Do you find your skin to be very sensitive, reactive and temperamental? Are you prone to redness, inflammation, eczema and/ or adult acne flair ups?  These are all signs of an impaired skin barrier.

The skin is the largest organ and acts as the bodies first defense system against external aggressors as well as protects against excessive water loss within the body.  It is therefore important to keep your skin healthy and your skin barrier strong.

What is the skin barrier?

The outer most layer of the skin is called the stratum corneum, this skin surface is made up of skin cells – predominantly that of Keratin and Lipids,  as well as trillions of micro-organisms (healthy bacteria, fungi etc) that work to protect your skin and support your immune system in defending against a variety of pathogens and harmful aggressors. This Microbiome barrier plays a vital part in our overall skin health and contributes to the prevention of certain skin conditions such as: psorisis, eczema, acne and premature signs of ageing.

A key part of a healthy microbiome is a balanced lipid level.

How the pH level impacts the skin barrier

The skin’s ideal pH is between 4.7 and 5.75 making it slightly acidic. This is due to the natural cellular process in the skin’s production of lipids. An imbalanced pH will then disrupt the lipid level, which affects the balance of healthy vs harmful bacteria levels on the skin – leaving skin dry and flakey and/ or red inflamed and prone to acne breakouts.

Lipids play a crucial role in skin barrier function and maintaining a healthy pH level is a key indicator of healthy skin.  Your diet, lifestyle and skin care routine all have a significant impact in the health of your skin.

Finding a balanced skin care regime

With so many skin care products focused on anti-ageing and actives, it’s important to find a skin care routine that is balanced, won’t strip your skin of natural oils nor impede the microbiome.

While active ingredients are essential, it’s important to give your skin a few days rest during the week too. Dermatologist Dr. Whitney Bowe came up with the ‘skin cycling’ method which focusses on night time routines alternating with Hydroxy acids and retinoids:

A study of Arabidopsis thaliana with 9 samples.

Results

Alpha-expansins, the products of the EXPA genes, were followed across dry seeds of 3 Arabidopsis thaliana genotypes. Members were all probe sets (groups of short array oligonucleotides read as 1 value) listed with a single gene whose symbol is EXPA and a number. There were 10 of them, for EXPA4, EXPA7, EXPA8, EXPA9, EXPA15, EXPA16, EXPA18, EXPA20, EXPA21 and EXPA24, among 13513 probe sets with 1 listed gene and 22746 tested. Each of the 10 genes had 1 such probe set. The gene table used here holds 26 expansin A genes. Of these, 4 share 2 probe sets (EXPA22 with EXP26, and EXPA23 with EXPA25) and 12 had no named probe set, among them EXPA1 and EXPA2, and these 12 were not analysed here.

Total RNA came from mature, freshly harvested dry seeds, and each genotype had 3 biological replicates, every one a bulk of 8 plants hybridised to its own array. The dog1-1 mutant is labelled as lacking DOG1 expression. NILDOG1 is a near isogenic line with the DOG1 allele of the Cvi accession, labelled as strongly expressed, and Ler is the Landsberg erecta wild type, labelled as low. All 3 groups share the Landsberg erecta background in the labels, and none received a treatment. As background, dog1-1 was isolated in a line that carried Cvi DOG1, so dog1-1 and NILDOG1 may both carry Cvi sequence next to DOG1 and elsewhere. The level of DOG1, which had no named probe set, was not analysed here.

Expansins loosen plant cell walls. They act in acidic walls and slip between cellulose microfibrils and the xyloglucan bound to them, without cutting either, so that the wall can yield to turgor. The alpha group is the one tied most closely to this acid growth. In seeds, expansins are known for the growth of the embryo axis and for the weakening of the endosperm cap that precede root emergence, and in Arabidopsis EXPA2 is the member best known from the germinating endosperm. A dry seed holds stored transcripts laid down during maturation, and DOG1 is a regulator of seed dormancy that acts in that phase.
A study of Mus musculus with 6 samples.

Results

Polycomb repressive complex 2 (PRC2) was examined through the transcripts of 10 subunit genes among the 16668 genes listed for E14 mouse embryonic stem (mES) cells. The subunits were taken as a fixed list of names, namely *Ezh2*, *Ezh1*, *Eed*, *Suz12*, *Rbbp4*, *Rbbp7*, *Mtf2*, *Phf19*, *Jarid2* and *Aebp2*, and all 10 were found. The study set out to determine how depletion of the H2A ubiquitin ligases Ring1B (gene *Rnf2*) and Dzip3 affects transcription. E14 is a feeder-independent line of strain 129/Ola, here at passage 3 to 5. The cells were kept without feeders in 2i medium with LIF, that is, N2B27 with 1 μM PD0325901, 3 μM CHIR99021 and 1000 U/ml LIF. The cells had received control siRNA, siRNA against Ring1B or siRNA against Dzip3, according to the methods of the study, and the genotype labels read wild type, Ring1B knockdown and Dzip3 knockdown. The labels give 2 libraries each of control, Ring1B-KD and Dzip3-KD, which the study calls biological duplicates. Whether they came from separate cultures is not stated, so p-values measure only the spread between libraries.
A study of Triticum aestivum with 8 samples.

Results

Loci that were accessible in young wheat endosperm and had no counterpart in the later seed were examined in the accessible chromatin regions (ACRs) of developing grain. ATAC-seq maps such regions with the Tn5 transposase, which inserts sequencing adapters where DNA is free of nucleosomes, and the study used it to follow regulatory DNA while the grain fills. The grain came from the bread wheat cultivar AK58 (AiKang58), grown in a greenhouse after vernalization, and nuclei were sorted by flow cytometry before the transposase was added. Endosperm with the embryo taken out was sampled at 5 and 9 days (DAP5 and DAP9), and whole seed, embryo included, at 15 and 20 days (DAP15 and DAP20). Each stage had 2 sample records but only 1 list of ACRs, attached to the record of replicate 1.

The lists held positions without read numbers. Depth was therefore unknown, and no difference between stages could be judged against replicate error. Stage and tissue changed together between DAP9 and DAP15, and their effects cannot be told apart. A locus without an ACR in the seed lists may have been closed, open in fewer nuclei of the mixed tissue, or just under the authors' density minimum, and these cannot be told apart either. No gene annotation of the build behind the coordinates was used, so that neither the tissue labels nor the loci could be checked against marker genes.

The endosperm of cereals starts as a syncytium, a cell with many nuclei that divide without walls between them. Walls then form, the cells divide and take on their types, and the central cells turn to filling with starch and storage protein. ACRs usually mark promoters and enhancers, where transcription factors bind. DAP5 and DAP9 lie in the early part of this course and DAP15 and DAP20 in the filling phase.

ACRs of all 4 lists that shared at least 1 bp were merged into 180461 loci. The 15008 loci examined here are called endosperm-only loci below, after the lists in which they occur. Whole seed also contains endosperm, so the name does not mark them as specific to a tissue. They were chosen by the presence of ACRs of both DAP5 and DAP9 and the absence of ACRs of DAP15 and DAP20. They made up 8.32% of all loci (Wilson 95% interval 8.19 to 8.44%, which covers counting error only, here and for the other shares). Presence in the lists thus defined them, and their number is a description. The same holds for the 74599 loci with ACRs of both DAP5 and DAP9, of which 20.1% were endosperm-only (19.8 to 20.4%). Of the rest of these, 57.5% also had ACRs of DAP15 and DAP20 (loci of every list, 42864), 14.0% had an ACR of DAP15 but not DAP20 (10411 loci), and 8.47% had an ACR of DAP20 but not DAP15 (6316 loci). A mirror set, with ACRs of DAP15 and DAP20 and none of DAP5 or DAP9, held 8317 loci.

Please note is important to start with a lower percentage of actives initially and find the right PHA or AHA for your skin.

A nightly routine example would be as follows:

  • Monday: Cleanse and apply Retinol
  • Tuesday: Cleanse and apply a Hydroxy Acid rich product. (such as glycolic, lactic or salicylic)
  • Wednesday: Cleanse and apply a hydrating/ lipid restoring moisturiser
  • Thursday: Cleanse and apply a hydrating/ lipid restoring moisturiser
  • Friday: Cleanse and apply Retinol
  • Saturday: Cleanse and apply a Hydroxy Acid rich product. (such as glycolic, lactic or salicylic acids)
  • Sunday: Cleanse and apply a hydrating/ lipid restoring moisturiser or face mask

This approach allows your skin to restore it’s natural lipid levels while also improving cellular function.  During the day it is important to use antioxidant rich serums and a good sunblock.

We offer a variety of clinically tested skin care ranges for you to find the perfect products for your skin.

A balanced diet

The food we eat greatly affects our skin. A healthy balanced diet, full of antioxidants and healthy fats is key to a balanced body, mental clarity and healthy glowing skin. There is a link between all 3 known as the:  skin-gut axis and the gut-brain axis.

On going studies are revealing a direct link between the gut microbiome and the skin microbiome.

  • Improving your diet
  • Reducing acidic and highly processed foods
  • Taking health supplements & probiotics
  • Avoiding foods that trigger inflammation and allergic reactions

Will definitely improve your skin health and help strengthen your skin barrier.

Read more info on topics discussed today in our articles below:

If you would like any further information or product recommendations do get in touch or book a skin consultation.